WINSTON-SALEM, N.C. – About a third of black women cite complications of hair care as the reason they do not exercise or exercise less than they would like, according to Amy J. McMichael, M.D., the lead investigator of a study from Wake Forest University School of Medicine.
McMichael, associate professor of dermatology, specializes in hair and scalp diseases, ethnic and pigmented skin diseases, and general dermatology and skin care. “I see a lot of African American women in our clinic and had noticed how many of them are overweight. This puts these women at risk for hypertension, diabetes and other serious problems.”
In fact studies show that 77 percent of black women are overweight or obese, McMichael said. “I thought it would be interesting to look at what role their hair plays in their amount of exercise. Many African American women with coarser hair use either heat straighteners or chemical products to straighten their hair. Depending on how coarse or fragile their hair is, they can’t just wash their hair after exercise without having to go through the whole process again, and that can take hours. Over-washing fragile hair can make it break off easily.”
McMichael and the team of investigators from the Department of Dermatology, the Division of Public Health Sciences, and the medical school interviewed 103 black women about how much and what types of exercise they do, and the time, expense and complications of caring for their hair. Sixty-four of the respondents had relaxed their hair by various means.
All of the respondents believed it was important for them to exercise. And 50 percent stated that they considered changing their hair to make it easier to exercise.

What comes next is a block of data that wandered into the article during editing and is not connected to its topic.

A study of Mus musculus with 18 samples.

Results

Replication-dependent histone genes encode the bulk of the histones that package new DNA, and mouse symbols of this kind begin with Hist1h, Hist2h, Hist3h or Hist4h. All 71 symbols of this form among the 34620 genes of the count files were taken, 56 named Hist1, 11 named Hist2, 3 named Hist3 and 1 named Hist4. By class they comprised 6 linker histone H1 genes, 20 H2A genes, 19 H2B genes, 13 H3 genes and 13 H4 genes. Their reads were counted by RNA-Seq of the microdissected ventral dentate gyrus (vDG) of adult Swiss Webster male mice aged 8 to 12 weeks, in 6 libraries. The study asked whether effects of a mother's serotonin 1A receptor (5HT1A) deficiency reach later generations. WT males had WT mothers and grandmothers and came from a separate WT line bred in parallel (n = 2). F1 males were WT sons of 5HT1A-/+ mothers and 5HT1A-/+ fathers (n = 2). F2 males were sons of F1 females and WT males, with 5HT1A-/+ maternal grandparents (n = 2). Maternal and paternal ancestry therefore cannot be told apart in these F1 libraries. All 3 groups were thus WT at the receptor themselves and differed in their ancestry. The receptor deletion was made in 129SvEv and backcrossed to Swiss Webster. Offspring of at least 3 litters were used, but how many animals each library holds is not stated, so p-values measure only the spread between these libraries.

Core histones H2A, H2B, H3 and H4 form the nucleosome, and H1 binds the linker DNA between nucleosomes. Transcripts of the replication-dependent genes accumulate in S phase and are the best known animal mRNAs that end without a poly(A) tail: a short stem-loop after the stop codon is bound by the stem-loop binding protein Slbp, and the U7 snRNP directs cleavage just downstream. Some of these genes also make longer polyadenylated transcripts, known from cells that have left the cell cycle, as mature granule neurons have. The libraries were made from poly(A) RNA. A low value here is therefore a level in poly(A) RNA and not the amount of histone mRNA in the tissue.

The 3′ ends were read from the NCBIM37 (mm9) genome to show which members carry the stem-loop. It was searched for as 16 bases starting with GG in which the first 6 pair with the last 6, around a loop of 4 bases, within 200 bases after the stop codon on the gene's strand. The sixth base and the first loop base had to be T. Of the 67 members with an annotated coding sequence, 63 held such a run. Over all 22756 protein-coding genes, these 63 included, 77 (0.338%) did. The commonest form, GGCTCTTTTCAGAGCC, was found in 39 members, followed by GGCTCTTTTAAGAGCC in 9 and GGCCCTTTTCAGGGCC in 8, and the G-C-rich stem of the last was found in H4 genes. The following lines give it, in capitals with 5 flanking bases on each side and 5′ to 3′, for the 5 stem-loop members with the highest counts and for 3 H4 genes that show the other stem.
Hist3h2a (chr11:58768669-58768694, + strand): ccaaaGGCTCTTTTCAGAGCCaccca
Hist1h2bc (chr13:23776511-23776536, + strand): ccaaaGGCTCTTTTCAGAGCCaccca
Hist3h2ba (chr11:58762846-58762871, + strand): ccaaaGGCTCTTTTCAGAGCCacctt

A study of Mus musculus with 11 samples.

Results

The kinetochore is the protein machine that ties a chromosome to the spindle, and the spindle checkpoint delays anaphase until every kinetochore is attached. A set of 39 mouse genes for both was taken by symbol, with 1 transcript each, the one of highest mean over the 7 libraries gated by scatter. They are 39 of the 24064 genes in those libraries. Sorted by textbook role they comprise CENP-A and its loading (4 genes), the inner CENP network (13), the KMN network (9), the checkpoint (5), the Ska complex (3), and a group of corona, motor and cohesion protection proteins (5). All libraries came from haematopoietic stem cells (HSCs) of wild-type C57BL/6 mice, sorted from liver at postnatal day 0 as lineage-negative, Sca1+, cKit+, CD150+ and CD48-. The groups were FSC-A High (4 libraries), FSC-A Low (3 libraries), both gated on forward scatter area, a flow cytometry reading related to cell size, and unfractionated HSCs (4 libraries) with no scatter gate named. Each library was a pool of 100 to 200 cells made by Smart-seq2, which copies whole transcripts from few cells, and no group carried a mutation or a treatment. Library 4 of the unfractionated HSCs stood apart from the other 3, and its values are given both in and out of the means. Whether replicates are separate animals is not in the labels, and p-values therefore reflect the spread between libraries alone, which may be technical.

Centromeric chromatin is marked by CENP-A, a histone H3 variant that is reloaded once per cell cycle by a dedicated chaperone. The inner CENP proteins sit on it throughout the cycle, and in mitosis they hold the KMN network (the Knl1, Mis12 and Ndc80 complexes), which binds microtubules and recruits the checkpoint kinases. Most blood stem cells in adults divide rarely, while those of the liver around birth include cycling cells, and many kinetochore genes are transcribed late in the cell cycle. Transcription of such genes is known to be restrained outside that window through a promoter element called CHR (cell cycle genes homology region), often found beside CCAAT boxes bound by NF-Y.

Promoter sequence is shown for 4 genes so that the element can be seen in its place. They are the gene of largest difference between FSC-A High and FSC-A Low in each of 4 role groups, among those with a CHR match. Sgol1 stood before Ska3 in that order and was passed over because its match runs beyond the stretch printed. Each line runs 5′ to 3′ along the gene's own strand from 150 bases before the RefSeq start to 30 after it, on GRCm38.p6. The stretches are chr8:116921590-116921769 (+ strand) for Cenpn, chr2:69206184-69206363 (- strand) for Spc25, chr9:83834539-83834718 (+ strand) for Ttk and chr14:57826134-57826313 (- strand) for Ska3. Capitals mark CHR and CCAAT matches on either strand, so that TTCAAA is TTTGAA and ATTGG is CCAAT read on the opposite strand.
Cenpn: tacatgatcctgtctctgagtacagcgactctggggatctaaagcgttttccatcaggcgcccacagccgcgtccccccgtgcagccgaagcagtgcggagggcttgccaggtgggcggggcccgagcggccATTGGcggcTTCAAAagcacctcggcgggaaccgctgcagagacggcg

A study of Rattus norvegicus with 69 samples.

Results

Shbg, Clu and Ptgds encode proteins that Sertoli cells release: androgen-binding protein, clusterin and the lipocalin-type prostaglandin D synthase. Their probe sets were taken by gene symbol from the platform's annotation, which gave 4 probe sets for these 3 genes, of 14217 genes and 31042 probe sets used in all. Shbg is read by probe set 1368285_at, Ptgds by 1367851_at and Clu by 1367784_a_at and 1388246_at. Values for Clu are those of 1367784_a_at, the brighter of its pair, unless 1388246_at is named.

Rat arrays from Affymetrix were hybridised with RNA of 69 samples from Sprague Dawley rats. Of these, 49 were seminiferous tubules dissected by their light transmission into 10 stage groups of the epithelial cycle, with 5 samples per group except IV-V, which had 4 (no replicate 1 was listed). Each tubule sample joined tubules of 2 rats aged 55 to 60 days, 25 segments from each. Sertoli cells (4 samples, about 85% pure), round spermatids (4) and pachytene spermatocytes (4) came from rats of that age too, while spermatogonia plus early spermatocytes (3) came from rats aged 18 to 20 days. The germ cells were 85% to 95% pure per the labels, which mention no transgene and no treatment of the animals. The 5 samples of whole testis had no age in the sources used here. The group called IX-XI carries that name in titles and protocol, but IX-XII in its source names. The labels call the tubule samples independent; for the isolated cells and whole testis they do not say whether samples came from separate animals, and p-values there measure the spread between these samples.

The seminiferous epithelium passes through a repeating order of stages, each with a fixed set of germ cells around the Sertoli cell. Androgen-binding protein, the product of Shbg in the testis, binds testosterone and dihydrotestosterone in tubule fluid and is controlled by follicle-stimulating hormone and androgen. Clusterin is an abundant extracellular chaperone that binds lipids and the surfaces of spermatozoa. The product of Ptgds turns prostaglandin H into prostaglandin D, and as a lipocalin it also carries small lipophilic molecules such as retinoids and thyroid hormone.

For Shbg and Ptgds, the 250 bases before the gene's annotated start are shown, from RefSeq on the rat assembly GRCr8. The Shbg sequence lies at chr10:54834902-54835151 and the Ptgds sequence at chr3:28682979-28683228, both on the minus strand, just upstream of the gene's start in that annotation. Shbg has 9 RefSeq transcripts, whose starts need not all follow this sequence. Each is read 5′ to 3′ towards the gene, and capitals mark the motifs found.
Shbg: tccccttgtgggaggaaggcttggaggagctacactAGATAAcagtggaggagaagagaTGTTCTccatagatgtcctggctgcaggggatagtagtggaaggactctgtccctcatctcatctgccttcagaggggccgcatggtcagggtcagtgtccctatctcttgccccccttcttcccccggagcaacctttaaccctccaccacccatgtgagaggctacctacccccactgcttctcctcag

“We have now identified the problem – hair care does seem to be a factor – and it is one that is not easily solvable. Somebody might say, ‘Oh, just cut your hair,’ but that does not make sense. We have to figure out ways to address this issue, get some African American women in a forum or group meeting and talk about this,” McMichael said. “This is just a first step.”
The study was presented recently at the Fourth International Symposium of the L’Oréal Institute for Ethnic Hair & Skin Research by fourth-year medical student Shani Smith, MBA. Other investigators include Melicia Whitt-Glover, Ph.D., assistant professor in the Department of Epidemiology and Prevention, Kismet Loftin-Bell, MALS, MSL, research associate, and medical student Rebecca Hall.


About Wake Forest University Baptist Medical Center: Wake Forest Baptist is an academic health system comprised of North Carolina Baptist Hospital and Wake Forest University School of Medicine. It is licensed to operate 1,154 acute care, psychiatric, rehabilitation and long-term care beds and is consistently ranked as one of “America’s Best Hospitals” by U.S. News & World Report.